Is Natomas Safe From Overhead?

When the Sacramento International Airport first opened in October 1967, northern Natomas did not exist. Today, the neighborhood of thousands sprawls along Interstate 5 and if Greenbriar ever becomes a reality, there will be more of us. Regular NATOMAS BUZZ contributor Larry Rodda shares his opinion why now is the time to take a look at landing and takeoff patterns at the Sacramento International Airport.

Fly Straight Sacramento
Commentary by Larry Rodda

Have you ever watched the planes departing from the Sacramento airport and wonder if they are aiming for Natomas? Maybe they’re fighter pilots in training? These seemingly unsafe and frequently noisy sharp banked turns to the east got me wondering about the rules the planes follow.

Information on the Internet indicates the existing departure procedure for southerly departures from the Sacramento is: “SMF DEPARTURE PROCEDURE: Rwy 16L, climb via heading 164° to 800 before turning east.” Translation: “fly straight off the end of the run way and climb to 800 feet before turning east”.

Looking at a map of the airport area a southerly departure, a climb to 800 ft, and then turning east all but ensures that flights not continuing in a southerly direction will fly over some part of Natomas at a relatively low altitude. Since only turns to the east are allowed most flights, even those north or west bound, will likely turn over Natomas.

A little further research found that a 737 (typical Southwest plane) climbs at about 3,000 feet per minute meaning it reaches 800 ft in altitude in about 16 seconds. At a takeoff speed of around 200 mph, that’s barely across I-5. The plane is barely off the ground and barely across I-5 before banking east. Further research also indicates that 20%-30% of airline accidents happen on take-off and initial climb out.

But wait!! Look at all the unpopulated area to the south of the runway (see map). Why turn so quickly when a safer altitude could be reached by flying over farm land? I’m not sure but I’m guessing these departure procedures have been in place since Natomas was farm land. If that’s the case a change to the departure procedures would seem to be in order. Here are two proposed alternatives:

Change the existing departure procedure to read:
  • Best case: Rwy 16L, climb via heading 164° until I-80 before turning east.
  • Good case: Rwy 16L, climb via heading 164° until the river before turning east.

Both of the above departure procedures insure that the flights remain over unpopulated areas longer and are at a safer altitude before turning east. There is little cost to changing these procedures and they offer a greater degree of safety and reduced noise.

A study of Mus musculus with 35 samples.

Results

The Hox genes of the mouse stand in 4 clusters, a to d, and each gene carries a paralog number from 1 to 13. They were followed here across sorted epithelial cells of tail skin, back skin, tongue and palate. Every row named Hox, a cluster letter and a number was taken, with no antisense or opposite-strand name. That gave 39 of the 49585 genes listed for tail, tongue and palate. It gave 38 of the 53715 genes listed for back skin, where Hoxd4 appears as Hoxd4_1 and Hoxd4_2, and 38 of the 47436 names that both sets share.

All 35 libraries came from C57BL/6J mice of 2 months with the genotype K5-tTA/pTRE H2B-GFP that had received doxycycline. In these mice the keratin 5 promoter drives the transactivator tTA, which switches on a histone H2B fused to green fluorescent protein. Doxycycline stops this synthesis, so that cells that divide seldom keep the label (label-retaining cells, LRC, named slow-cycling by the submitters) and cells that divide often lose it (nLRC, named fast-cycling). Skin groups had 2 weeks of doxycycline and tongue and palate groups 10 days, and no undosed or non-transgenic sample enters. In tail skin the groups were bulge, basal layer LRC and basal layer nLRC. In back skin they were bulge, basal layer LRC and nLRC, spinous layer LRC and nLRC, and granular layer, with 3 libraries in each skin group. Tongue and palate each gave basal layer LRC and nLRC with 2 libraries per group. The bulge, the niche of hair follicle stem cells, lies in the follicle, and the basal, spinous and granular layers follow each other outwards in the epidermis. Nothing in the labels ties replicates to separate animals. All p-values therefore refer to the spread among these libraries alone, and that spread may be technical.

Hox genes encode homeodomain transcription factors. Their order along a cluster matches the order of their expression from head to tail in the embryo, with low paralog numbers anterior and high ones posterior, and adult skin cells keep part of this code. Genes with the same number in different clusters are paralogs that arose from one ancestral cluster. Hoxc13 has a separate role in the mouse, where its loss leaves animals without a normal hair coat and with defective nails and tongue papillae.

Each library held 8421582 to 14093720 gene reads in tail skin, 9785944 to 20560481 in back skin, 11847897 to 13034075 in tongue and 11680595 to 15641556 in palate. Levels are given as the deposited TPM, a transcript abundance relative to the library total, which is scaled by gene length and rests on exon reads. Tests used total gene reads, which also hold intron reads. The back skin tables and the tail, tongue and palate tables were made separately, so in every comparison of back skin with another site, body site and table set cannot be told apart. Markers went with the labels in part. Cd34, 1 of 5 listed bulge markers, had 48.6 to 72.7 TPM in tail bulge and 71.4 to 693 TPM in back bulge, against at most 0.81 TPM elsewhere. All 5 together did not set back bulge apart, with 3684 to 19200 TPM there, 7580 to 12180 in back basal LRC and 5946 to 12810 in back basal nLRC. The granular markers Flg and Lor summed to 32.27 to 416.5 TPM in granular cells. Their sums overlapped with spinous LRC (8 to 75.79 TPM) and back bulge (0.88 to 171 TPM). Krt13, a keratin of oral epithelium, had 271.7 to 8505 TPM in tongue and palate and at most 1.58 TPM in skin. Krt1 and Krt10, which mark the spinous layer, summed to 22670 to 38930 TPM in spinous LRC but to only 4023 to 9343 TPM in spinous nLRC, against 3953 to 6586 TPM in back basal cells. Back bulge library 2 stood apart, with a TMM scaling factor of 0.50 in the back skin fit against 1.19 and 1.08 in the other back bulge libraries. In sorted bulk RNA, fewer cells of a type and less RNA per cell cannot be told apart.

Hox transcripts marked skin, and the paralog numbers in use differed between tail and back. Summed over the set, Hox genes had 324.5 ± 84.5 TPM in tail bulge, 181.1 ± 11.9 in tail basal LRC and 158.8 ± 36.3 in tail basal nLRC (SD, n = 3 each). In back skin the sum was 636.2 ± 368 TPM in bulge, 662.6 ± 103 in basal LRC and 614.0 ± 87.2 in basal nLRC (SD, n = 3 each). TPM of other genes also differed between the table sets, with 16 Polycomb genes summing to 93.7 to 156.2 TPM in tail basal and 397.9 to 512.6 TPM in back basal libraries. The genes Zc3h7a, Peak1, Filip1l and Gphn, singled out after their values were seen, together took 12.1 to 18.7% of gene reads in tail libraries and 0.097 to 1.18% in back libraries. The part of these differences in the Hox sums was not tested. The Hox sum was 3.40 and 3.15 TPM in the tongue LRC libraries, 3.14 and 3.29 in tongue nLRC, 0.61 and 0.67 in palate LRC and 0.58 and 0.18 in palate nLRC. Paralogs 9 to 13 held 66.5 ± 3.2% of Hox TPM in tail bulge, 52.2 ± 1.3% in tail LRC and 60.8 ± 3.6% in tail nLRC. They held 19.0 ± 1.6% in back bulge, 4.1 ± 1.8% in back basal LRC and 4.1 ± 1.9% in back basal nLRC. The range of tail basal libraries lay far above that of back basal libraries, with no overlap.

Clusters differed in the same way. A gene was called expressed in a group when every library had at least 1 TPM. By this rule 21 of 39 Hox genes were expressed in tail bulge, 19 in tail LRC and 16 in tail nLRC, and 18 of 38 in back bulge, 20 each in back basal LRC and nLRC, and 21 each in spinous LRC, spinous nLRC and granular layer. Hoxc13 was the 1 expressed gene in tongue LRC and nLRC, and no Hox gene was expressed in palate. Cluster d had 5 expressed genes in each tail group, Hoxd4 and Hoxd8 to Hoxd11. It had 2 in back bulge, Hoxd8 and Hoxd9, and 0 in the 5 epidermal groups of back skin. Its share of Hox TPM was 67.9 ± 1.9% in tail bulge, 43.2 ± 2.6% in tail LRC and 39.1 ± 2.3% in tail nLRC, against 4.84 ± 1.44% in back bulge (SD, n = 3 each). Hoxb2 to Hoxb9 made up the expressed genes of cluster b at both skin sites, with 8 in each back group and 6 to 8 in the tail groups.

Either of the proposals is a very minor change to the departure procedures when compared, as an example, to the westerly departure from Orange County (John Wayne) were aircraft are required to rev their engines to the max, climb as fast as the can, and then cut their engines back and essentially glide to the ocean to minimize the noise for the OC folks.

Why fly over populated areas at low altitude when you don’t have to? It’s time for a change in the departure procedures. Fly Straight Sacramento, at least to the river.



  1. “Best case: Rwy 16L, climb via heading 164° until I-80 before turning east”
    But won’t this “Best case” send the planes over South Natomas rather than North Natomas. Seems like it would simply be safer for the folks in the north.

  2. TwoBopps – On climb out the planes are normally climbing at about 2000 ft per minute. Going all the way to I-80 or at least the river puts them at a safer altitude and out of the danger zone. The higher the better before turning over populated areas.

    In addition, looking the map (, if the planes didn’t turn until reaching I-80 they would be over downtown.

  3. It’s safer because they are at a far higher altitude when they cross over South Natomas. If you look at safety data, you’re far less likely to see a crash from the altitude they would be at by that time.

  4. Not only would the be higher (safer and quieter) if the waited until I-80 to turn they would be turning over downtown, not Natomas (north or south). See map here:

  5. You’re missing half the equation. Airplanes arrive and depart at an airport. The reason for the initial turn to the east is to get away from arrivals coming in from the south. (Look at the WRAPS 5 Arrival).

    The quoted statistics show 12% of the fatal accidents happen on takeoff (airplane still on the runway) and only 8% during initial climb (the early turns you’re worried about).

  6. Shouldn’t you folks have thought about this BEFORE building all those houses? I’m surprised you don’t want to move the airport!

  7. This cracks me up. You moved to a neighborhood with an airport. I agree about changing patterns if there’s no reason not to. Otherwise, live with your decision to live where you do. Same with people who moved into developments built in the flight path of Mather.